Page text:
US government issues security warnings for hospital syringe pumps susceptible to hacking

 

The U.S. Department of Homeland Security issued a warning Sept. 7 notifying health facilities of potential security flaws in several versions of the MedFusion 4000 Wireless Syringe Infusion Pump manufactured by Plymouth, Mass.-based Smiths Medical.

The notice, issued by the USDHS' Industrial Control Systems — Cyber Emergency Response Team, cited eight separate flaws in several versions of the device that may allow hackers to "gain unauthorized access and … may be possible for an attacker to compromise the communications module and therapeutic module of the pump." However, the USDHS acknowledged there have been no "known public exploits" explicitly targeting the device's vulnerabilities.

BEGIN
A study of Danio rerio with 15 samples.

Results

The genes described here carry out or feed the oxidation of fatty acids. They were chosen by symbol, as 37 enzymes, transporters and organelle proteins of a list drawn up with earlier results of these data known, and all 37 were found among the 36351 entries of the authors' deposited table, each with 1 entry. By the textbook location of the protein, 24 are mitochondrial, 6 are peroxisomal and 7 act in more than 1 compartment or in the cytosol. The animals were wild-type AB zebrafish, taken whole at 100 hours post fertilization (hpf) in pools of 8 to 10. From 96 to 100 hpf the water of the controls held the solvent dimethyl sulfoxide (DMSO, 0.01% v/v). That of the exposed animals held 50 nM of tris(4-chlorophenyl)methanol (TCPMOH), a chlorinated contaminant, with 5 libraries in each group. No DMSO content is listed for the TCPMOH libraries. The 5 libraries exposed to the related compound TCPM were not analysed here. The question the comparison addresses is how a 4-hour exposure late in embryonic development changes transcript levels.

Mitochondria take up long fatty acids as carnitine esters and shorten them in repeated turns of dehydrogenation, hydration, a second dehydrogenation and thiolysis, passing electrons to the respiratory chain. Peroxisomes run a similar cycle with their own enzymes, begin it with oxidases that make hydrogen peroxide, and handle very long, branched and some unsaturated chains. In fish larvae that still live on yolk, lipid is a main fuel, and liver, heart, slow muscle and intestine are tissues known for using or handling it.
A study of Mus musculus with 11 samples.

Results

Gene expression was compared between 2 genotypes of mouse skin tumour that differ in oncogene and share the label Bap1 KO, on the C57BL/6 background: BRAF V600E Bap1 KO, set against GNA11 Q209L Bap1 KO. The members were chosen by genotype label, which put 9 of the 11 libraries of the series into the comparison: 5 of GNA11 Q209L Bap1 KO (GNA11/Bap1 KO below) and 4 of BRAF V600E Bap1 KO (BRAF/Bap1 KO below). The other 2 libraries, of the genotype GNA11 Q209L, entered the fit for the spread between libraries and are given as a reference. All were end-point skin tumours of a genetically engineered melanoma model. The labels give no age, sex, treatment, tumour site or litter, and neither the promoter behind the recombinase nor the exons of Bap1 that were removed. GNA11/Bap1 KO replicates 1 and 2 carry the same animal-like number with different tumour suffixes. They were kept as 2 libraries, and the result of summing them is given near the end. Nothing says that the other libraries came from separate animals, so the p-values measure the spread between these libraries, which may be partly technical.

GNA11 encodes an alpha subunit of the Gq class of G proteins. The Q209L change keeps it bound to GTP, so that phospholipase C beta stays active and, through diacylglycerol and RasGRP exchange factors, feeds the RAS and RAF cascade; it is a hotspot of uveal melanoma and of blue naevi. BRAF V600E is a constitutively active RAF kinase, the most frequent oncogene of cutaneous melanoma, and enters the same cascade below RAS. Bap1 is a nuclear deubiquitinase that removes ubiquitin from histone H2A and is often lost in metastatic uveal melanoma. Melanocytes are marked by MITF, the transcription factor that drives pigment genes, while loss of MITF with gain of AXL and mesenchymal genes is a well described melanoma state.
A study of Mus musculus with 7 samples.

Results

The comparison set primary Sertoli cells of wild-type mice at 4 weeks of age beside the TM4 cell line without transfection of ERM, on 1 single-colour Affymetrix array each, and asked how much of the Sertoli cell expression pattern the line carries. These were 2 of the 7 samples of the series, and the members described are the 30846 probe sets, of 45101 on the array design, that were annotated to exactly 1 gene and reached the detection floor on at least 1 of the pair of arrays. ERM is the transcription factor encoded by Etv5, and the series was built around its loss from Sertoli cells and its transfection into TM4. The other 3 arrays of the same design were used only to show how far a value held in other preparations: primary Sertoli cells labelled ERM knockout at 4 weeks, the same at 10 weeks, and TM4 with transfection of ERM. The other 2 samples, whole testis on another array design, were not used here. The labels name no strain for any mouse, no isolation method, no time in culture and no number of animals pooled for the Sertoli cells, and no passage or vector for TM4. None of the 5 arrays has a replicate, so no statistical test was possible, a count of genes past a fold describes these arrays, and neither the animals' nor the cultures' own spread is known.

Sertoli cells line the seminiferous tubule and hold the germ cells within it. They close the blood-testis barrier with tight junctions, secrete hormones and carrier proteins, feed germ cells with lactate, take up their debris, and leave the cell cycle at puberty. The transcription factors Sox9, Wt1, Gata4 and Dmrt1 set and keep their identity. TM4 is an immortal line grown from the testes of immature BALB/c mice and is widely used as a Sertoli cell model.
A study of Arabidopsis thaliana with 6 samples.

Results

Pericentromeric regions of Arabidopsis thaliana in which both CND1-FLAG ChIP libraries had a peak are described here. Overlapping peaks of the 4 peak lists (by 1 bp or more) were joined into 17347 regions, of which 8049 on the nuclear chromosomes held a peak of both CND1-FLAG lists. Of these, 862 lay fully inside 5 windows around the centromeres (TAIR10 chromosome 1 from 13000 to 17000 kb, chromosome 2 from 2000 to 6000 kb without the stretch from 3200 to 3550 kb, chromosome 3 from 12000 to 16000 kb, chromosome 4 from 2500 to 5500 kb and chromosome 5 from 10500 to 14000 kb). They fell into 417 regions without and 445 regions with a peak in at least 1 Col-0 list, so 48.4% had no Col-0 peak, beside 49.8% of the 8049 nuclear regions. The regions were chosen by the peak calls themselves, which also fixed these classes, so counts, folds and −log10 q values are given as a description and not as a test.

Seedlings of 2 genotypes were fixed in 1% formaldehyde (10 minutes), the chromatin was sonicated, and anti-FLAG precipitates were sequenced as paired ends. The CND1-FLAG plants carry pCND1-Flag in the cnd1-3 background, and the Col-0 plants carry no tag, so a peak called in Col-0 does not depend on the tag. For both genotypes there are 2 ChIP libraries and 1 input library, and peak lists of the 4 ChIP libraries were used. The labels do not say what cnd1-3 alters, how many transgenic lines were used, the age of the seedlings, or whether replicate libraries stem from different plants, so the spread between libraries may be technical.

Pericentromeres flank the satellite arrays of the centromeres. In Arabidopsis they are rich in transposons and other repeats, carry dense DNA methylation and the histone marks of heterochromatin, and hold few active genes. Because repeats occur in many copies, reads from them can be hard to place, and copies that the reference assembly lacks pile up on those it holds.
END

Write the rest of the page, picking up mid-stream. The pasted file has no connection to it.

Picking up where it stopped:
Smiths Medical issued a statement about the device Sept. 7, stating the potential risk of exploitation in a clinical setting is "highly unlikely [because] it requires a complex and an unlikely series of conditions" to be met before the device could be compromised and abused.

The manufacturer also said it plans to roll out a software security update by January 2018 to resolve the issue and protect against future cybersecurity exploits.

The MedFusion wireless infusion pump is used to deliver small doses of medication in acute care settings. Smiths Medical officials said the product is used in various healthcare settings worldwide.

The vulnerabilities were initially discovered by an independent security researcher.

To view ICS-CERT's security notice, click here.